Rishi Sunak says he ‘can’t resolve’ state pensions
The triple lock is a pledge made by the Government to raise pension payments by either inflation, average earnings or 2.5 percent; whichever is the highest rate.
Last year, the Government temporarily scrapped this promise due to earnings being artificially inflated following the Covid-era furlough scheme.
Due to this decision, older Britons only saw their state pension go up by 3.1 percent, in line with the Consumer Price Index (CPI) inflation rate for the year to September 2021.
With ministers signalling the triple lock’s return, pensioners look set to see their payments go up.
READ MORE: State pension set to rise next year but 520,000 people will miss out
This comes amid the UK’s continuing cost of living crisis which is putting financial pressure on older households particularly.
New predictions for the price cap estimate that the average household energy bill hit around £3,500 in October.
Furthermore, families are forecast to see their household energy prices exceed £4,200 in the New Year.
While the Government has launched a substantial support package, the return of the triple lock will likely be the biggest boost to pensioner incomes.
Steven Cameron, the pensions director at Aegon, noted that the Bank of England’s inflation forecast of 13 percent suggests that pensioners are likely in for a windfall payment boost this coming April.
Mr Cameron explained: “The latest report from the Bank of England’s Monetary Policy Committee predicts CPI inflation could rise from 9.4 percent in June to 13 percent in 2022 Q4, remaining ‘at very elevated levels’ through 2023, before falling to two percent, its target, in two years’ time.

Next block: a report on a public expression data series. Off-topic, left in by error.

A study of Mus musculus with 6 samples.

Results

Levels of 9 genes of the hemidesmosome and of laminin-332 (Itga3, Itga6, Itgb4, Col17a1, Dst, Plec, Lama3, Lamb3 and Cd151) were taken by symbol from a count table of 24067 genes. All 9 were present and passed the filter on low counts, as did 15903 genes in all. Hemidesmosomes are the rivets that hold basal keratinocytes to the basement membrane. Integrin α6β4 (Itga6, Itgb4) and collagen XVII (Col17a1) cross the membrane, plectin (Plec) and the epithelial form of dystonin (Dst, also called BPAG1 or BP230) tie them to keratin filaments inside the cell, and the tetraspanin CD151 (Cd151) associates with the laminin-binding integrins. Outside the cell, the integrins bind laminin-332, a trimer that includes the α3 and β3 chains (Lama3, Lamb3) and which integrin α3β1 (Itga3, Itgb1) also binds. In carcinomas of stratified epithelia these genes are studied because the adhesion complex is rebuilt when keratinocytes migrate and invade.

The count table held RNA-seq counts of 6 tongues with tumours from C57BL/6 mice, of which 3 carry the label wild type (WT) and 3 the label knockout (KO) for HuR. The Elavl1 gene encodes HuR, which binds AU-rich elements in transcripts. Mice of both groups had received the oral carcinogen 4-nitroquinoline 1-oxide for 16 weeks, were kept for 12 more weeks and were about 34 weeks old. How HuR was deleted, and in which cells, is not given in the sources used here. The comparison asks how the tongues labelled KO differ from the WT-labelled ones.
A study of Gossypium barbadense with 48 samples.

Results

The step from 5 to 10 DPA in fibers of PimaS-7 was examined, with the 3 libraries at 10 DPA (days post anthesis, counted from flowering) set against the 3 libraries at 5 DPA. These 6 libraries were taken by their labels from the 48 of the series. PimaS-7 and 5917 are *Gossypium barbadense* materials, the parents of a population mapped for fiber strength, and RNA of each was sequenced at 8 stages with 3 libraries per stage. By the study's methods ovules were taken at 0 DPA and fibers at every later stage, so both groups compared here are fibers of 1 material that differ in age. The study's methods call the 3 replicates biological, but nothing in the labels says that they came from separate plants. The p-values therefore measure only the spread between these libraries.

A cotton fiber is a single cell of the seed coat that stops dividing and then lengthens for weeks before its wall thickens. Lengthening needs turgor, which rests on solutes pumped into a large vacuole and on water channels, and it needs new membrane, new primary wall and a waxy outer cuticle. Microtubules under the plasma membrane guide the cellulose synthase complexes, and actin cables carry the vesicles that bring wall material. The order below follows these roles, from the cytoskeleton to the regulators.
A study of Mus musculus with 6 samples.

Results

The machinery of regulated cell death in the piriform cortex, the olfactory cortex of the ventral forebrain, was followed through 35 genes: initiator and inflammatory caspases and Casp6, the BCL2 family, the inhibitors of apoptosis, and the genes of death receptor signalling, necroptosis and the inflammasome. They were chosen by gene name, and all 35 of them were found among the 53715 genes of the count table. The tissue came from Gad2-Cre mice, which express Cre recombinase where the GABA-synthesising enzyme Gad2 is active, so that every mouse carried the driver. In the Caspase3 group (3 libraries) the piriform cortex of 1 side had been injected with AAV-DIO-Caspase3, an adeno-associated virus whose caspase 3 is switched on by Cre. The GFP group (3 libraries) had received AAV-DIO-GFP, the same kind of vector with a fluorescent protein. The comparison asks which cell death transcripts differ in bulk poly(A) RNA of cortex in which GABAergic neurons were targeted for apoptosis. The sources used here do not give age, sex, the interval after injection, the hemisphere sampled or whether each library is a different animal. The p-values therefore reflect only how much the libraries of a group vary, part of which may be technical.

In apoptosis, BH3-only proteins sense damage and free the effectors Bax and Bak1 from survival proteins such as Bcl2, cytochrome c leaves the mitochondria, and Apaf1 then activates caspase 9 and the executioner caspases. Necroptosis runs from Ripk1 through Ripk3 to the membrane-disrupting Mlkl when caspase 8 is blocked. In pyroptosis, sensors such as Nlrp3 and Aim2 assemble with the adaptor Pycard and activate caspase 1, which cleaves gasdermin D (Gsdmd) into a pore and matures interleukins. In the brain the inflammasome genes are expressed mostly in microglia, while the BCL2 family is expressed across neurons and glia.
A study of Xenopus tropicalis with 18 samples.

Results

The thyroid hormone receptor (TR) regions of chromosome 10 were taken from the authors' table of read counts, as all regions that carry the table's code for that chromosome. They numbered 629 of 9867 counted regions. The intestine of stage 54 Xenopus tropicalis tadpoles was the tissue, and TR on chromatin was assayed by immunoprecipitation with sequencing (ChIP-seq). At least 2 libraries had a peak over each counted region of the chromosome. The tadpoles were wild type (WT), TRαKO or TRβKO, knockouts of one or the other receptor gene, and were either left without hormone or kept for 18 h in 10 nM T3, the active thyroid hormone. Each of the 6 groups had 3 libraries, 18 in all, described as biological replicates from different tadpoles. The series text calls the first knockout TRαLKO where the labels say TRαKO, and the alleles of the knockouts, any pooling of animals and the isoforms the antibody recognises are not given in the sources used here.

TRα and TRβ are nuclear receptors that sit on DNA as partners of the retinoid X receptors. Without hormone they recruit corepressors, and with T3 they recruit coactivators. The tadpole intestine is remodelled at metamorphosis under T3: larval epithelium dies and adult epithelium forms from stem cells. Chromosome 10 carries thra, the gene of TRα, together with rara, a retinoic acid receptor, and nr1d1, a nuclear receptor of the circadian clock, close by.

“Under the triple lock, state pensioners receive an increase each April based on the highest inflation in the year to the previous September, earnings growth to the previous July or 2.5 percent.
“So the first big question is just how high will inflation be for the year to September? A 13 percent figure would see the full new state pension increase from £185.15 to £209.20 per week next April.”
He added: “But the longer term question is whether in these unprecedented times, with inflation on a rollercoaster ride, does it make sense to base state pension increases on a year by year calculation.
“Using fixed dates, well ahead of the actual April increases, adds further to unpredictability and can lead to inequalities between those of working age whose earnings may be increasing at a very different rate from state pension increases, but whose National Insurance contributions pay for state pensions.
“Moving to a formula which averages these indicators out over say a three year period would still protect pensioners, but would average out the peaks and troughs, and arguably create a fairer and more predictable outcome for all concerned.”
With the leadership contest for the next Prime Minister underway, Liz Truss has pledged to reinstate the state pension triple lock for the next three years if she wins.
In comparison, Rishi Sunak promised to bring it back during his time as Chancellor, citing it as a temporary measure.
Whether the UK’s inflation rate will reach 13 percent remains to be seen but will likely be revealed in the coming months.
Any rise to state pension payments will be implemented next year from April 2023.